Thanks to strong demand, a global economy that continues to show strength, limited increases in supplies from producers like Russia and Kazakhstan, and repeated interruptions in production from the Gulf of Mexico, members of the Organization of the Petroleum Exporting Countries have gone through 2005 with what has been, to them, a perfect alignment of stars: high prices along with high production and high demand.
With prices still holding near $60 a barrel and winter demand in full swing, OPEC ministers will meet Monday in Kuwait City for what increasingly looks like a purely formal gathering. For the time being, the group is likely to stick to its current policy of pumping at full tilt.
But after having avoided divisive issues for the last year, OPEC is likely to face a much different picture next year. Analysts said the group might have to consider production cuts, as non-OPEC producers increase their own supplies, if it wants to stop prices from falling too low.
One issue that may be discussed privately during Monday's closed session is the largest unresolved question for OPEC today: What is the minimum price that the group will choose to defend?
"There is an increasing challenge for OPEC next year," said Craig Pennington, the director of the global energy group at Schroders in London. "If you look at what people expected last year, non-OPEC supplies have disappointed and demand has been stronger. The result has been in OPEC's favor. But next year will be tougher. And they will not want prices to drop below $50 a barrel. They will need to cut production."
Over the last three months, OPEC oil ministers have watched with concern as oil prices dropped by about $15 a barrel from their high of $69.81 the day after Hurricane Katrina hit the Gulf Coast. Prices touched a low of $55 three weeks ago, before rebounding as cold weather set in on the East Coast.
Yesterday, crude oil futures on the New York Mercantile Exchange settled at $60.66 a barrel.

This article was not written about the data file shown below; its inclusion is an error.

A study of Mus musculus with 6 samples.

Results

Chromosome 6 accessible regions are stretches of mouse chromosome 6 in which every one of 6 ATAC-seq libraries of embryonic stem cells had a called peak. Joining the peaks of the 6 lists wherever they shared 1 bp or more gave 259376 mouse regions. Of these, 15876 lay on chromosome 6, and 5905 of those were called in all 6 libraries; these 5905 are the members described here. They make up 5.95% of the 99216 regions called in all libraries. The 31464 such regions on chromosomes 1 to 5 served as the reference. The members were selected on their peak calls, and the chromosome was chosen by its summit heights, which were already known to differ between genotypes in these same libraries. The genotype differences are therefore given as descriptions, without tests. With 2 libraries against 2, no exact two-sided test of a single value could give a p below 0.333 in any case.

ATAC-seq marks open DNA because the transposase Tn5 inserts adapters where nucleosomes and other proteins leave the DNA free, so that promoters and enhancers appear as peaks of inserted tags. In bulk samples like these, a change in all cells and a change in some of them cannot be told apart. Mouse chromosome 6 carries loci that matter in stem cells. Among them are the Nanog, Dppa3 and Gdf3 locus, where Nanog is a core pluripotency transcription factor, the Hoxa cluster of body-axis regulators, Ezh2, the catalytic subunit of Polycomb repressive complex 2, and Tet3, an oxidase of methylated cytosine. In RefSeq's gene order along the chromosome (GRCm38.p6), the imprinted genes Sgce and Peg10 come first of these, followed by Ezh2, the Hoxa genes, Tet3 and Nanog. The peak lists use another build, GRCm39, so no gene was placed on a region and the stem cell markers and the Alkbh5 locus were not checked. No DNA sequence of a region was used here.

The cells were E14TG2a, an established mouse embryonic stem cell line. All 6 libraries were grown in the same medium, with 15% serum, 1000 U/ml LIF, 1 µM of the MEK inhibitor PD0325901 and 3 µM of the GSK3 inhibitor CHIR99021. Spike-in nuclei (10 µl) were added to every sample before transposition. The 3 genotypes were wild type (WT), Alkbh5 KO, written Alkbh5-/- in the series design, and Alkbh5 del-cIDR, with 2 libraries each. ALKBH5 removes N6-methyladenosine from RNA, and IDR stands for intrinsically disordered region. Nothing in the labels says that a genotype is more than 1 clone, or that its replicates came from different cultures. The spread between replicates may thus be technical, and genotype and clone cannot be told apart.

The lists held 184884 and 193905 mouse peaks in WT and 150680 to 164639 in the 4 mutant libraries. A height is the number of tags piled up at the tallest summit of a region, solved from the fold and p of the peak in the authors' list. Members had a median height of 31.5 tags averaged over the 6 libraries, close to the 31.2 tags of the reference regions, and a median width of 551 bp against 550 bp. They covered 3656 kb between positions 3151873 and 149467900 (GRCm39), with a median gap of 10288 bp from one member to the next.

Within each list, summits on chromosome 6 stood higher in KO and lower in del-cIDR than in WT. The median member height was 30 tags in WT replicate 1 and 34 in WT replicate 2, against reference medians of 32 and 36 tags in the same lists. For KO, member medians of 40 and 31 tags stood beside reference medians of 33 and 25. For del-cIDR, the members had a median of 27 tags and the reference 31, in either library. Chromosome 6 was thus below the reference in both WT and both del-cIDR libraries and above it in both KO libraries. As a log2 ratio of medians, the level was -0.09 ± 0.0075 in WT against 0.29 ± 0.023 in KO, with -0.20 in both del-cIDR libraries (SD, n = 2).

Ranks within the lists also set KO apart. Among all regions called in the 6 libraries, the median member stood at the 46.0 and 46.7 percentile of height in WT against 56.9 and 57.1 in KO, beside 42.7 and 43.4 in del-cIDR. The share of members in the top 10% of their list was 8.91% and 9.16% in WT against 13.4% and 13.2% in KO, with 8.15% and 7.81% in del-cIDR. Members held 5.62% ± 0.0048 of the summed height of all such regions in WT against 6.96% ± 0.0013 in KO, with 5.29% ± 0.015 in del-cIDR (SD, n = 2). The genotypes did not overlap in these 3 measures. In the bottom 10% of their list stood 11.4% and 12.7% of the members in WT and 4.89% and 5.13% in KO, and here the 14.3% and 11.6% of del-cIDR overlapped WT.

But the price of the "OPEC barrel" - a composite of 11 crude oils representative of the organization's actual production that OPEC looks at when considering its policy - has already fallen below $50. Since then, the price has recovered a little and was at $52.88 a barrel on Wednesday.
That has given OPEC ministers a little breathing room for the rest of the year, according to analysts at Barclays Capital in London.
"It looked as if ministers might need to enter the Kuwait meeting thinking fairly explicitly in terms of laying out the first sandbags for later price defense," the analysts, Paul Horsnell and Kevin Norrish, wrote in a note this week. "Perhaps now some of the urgency has been taken away. However, a one-week rally most definitely does not mean the questions on policy and targets have gone away."
Many delegates, including the representatives from Saudi Arabia, Kuwait, Iran and the United Arab Emirates, have said that the group is unlikely to announce cuts in actual production at next week's meeting. Some, however, have raised concerns that OPEC, which accounts for a third of world production, is pumping more oil than the market needs.
Yesterday, Kuwait's state news agency quoted Abdullah bin Hamad al-Attiyah, the energy minister from Qatar, as saying, "There is no crisis in the oil supply and the international market has witnessed an excess of oil, a matter which led to an evident drop in oil prices in comparison to the previous period."
Some of the group's members have already started to talk publicly about what they would consider a good price, by which they mean a price floor. One thing is certain: the previous price band of $22 to $28 a barrel, which was abandoned in January, is now extinct. No new target has been set since, though the energy minister of Venezuela, Rafael Ramírez, said yesterday that he would propose that one be adopted.
Referring to the types of oil traded in London and New York, Edmund Daukoru, the oil minister from Nigeria, told reporters in Vienna on Dec. 1, "Mid- $50's for Brent or West Texas would seem like a reasonable level; it would be ideal, appropriate."